Marrakech Film Festival Comes of Age
The Marrakech International Film Festival was founded by the king of Morocco, Mohamed IV, and his brother prince Moulay Rashid, 13 years ago, and is run in cooperation with a French organization, which gives it a distinctive European feel and a French flavor.
The festival began under a cloud, in December 2001, just a few months after the 9/11 attack, but it grew in scope and importance ever since. It has attracted European and American artists, most prominent and active among them director Martin Scorsese, who helped found a leading cinema school in Marrakech, the ESAV, in 2007, and who was the festival’s jury president in 2013. In an interview Scorsese said, “for me, Morocco and the movies have always gone hand-in-hand, so when the festival was founded back in 2001, I was eager to help out. Over the years, I’ve seen it become something very special, a real home for cinema in a beautiful setting. Marrakech has glamour and prizes, but they take a back seat to the movies themselves. That’s very rare.'”
Marrakech is a fabled city of colors – awash in the ochre of its buildings and the blue skies, and of scents – of oranges, jasmine and spices; all framed by the snow capped Atlas mountains on the horizon. In 2014, the MIFF took over the newly opened Palais des Congres, with its 2,000 theater seats, flowing public spaces, all marble splendor, with some Moroccan architectural touches. At night one can see the festival site all bathed in floodlights, surrounded by red carpet walks and several rings of security, all occupying a city block where two major boulevards meet. With its formal dress code, acres of red carpet, bright lights and evening gowns it has the feel of a Cannes of the desert.
The festival is programmed for three different sites: Tributes, premieres and ceremonies at the Palais, non-stop re-screenings from morning to midnight at the Colisee, and big action, large scale movies for the giant outdoors El Fna screen. The best part: it is all free. While choice events are by invitation, the rest are by free daily passes, with some 30,000 distributed.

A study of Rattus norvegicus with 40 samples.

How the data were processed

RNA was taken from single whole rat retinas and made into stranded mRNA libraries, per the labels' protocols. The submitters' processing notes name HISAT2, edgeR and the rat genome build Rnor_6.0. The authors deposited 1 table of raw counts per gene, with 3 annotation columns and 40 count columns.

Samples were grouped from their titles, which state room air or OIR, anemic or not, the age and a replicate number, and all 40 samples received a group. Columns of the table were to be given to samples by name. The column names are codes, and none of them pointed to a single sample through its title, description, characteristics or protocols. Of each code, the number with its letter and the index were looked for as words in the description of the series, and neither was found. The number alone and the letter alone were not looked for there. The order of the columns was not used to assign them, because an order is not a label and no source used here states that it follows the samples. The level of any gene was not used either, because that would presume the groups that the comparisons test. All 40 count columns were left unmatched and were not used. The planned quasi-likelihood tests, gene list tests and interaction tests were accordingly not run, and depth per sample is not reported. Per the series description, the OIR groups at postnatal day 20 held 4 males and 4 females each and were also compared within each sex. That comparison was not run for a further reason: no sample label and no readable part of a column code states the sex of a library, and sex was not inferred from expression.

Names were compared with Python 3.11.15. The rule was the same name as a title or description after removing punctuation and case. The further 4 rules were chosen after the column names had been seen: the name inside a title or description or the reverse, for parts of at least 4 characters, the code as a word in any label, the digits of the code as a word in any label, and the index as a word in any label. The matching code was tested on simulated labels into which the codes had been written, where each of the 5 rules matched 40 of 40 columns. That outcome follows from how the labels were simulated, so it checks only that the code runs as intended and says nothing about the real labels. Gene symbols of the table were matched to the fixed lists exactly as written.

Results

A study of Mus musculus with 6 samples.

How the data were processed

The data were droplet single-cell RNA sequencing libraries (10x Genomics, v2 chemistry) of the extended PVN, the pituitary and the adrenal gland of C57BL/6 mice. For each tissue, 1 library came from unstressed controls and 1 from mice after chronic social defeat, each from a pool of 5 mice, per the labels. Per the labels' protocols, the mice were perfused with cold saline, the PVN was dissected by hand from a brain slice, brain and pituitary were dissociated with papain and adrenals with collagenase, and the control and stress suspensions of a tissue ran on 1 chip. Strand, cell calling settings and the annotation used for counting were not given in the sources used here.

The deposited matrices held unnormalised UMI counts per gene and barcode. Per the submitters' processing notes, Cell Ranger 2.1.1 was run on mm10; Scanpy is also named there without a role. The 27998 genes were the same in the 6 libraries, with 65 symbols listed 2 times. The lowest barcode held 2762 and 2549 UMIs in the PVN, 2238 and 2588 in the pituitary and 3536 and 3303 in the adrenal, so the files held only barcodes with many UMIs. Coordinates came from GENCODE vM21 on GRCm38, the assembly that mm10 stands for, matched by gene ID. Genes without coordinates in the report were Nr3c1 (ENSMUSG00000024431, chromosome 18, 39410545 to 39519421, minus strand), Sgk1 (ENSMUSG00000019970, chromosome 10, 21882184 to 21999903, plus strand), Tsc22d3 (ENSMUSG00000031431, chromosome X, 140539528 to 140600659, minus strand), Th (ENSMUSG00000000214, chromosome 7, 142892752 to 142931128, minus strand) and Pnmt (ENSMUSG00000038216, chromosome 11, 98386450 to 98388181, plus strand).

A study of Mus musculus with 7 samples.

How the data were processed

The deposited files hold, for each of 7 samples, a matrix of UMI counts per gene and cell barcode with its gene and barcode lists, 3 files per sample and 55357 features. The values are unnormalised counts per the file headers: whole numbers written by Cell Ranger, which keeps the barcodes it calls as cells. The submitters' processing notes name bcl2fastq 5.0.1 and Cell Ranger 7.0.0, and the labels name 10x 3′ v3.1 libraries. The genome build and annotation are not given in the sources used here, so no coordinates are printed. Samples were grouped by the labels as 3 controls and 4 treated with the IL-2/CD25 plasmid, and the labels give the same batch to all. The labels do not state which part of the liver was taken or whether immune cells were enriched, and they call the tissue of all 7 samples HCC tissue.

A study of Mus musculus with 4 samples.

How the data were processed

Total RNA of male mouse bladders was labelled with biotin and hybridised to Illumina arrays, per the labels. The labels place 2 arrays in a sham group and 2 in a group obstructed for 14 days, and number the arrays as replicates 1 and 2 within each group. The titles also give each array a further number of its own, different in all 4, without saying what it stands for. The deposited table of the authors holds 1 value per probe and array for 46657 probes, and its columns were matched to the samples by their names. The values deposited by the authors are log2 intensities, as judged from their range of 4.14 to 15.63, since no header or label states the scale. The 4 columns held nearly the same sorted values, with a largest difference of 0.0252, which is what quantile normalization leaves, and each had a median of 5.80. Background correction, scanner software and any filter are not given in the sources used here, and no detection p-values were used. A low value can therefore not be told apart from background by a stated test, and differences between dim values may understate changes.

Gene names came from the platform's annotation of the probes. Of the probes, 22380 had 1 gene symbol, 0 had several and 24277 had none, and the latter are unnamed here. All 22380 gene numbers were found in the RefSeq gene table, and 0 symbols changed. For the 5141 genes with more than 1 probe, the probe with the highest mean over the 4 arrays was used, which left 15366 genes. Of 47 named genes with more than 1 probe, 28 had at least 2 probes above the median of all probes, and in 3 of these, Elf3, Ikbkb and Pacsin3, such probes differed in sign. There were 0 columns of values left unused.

Guests conducted master class workshops (Directors Billie August and Benoit Jacquot) and a side competition showed shorts made by Moroccon cinema students.
This year the Festival showcased Japanese cinema, inviting a delegation of some 15 directors and actors, and showing 25 Japanese movies, ranging from classics by Mizoguchi and Ozu, to the latest features.
What also distinguishes MIFF is it’s programming of dynamic first films that might be overlooked at other festivals: more than half of the 15 films in competition were directed by first-timers. Said the Festival’s director since 2004, Bruno Barde of the French Le Publique Systeme Cinema: “It’s not that I wanted to focus on that specifically, it’s just the kind of energy I wanted to find in films … I think in the impulse of the first film, there’s not only something of the future of the director but the future of cinema.”
Under this year’s jury president Isabelle Huppert, the festival honored a handful of independent, strong voices, that examine dark corners of our world: The jury grand prize – the Golden Star – winner went to Russian Ivan Tverdovsky’s Corrections Class described by one reviewer as “a fascinating mixture of John Hughes and Lars Von Trier.”
Members of the Hollywood Foreign Press Association also attended the 14th edition of MIFF to promote recognition of the Golden Globes. Yoram Kahana and Mario Amaya met with Ms. Myriam Chemaou, the Festival’s Chief of Development to present a commemorative plaque, in recognition of the establishment of a relationship between the HFPA and the MIFF.
After the Festival, Ms. Chameu wrote the HFPA delegates: “We will be glad to see you again next year at the Marrakech Festival.”
The HFPA will be glad to return to the Festival and the magical city that hosts it.